From today’s United States v. Young (6th Cir. Sept. 11, 2014):
Edward Young received a mandatory fifteen-year prison sentence for the crime of possessing seven shotgun shells in a drawer. He came into possession of the shells while helping a neighbor sell her late husband’s possessions. When he eventually discovered them, he did not realize that his legal disability against possessing firearms — resulting from felonies committed some twenty years earlier [burglary-related offenses between 1990 and 1992 -EV] — extended to ammunition. Under the Armed Career Criminal Act (ACCA), Young received a mandatory fifteen-year sentence.
Young now asks this court to conclude that the ACCA, as applied to him, is unconstitutional under the Eighth Amendment because the gravity of his offense is so low as compared to the harshness of his sentence, and unconstitutional under the Fifth Amendment because he lacked notice. Our precedent compels us to reject these claims and to affirm Young’s sentence.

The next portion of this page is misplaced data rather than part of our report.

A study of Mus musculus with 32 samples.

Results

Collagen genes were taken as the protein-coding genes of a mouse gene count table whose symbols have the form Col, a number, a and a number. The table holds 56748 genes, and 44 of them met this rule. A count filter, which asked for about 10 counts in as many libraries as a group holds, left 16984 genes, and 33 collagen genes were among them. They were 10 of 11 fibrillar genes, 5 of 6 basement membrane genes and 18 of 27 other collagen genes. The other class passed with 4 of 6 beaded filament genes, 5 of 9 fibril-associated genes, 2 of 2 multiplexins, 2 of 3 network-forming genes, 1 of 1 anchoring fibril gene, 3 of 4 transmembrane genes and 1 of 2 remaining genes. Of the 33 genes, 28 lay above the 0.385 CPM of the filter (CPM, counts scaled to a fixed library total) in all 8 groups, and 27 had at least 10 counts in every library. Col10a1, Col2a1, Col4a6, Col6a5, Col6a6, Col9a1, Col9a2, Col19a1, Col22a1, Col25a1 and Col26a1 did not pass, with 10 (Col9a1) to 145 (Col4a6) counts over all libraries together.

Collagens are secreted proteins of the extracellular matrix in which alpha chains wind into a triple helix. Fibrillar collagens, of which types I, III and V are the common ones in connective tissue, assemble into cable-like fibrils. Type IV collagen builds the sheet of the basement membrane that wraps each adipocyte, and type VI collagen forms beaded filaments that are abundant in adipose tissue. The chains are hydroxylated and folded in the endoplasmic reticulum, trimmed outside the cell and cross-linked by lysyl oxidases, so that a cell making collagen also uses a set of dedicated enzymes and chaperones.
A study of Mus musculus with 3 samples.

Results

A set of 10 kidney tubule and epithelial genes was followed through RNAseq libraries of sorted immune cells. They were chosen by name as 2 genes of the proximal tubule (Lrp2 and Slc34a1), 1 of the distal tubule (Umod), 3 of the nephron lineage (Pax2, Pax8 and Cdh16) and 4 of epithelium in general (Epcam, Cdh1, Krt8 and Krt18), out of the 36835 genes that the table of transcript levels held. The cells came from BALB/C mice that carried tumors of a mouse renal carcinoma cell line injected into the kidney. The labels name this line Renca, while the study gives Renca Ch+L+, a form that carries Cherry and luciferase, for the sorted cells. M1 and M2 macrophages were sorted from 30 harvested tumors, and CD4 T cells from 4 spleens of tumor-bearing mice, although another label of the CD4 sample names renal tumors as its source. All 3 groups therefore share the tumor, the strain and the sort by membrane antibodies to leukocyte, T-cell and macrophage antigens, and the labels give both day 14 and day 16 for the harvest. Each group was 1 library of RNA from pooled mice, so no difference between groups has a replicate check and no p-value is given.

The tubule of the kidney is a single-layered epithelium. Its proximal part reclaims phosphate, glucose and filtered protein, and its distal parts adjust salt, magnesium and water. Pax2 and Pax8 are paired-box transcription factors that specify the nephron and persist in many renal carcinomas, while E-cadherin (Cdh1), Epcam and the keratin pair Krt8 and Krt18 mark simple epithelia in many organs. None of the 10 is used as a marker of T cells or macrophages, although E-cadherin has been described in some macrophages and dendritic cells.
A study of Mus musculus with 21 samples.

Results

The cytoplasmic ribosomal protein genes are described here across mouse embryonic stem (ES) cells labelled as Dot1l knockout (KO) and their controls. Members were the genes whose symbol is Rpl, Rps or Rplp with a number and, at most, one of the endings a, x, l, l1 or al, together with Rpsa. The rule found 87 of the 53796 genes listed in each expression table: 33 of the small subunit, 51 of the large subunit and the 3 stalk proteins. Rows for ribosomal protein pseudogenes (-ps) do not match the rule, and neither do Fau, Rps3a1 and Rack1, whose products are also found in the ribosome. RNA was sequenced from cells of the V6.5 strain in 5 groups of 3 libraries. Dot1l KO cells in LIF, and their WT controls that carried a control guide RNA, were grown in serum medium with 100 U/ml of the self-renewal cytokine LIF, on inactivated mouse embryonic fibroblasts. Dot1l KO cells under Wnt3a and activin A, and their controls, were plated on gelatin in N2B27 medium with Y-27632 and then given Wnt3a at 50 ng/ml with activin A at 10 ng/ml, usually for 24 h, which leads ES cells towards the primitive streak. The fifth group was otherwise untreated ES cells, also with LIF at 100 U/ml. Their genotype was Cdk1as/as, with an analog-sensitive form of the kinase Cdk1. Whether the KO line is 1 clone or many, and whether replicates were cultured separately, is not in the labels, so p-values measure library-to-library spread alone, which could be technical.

The Eighth Amendment conclusion, I think, is correct, for the reasons given in the opinion. But the concurrence’s criticism of the Armed Career Criminal Act minimum sentences strikes me as correct, too. (It cites, among other sources, our own Paul Cassell, who was a District Judge at the time.) “While the means Congress has selected must be accepted, this case once again reveals the need for, at minimum, a more sensible and targeted ACCA, one that would continue to remove from society those most likely to cause harm while allowing less severe sentences for those who, like Young, do not pose that risk.”
Thanks to Prof. Douglas Berman (Sentencing Law & Policy) for the pointer.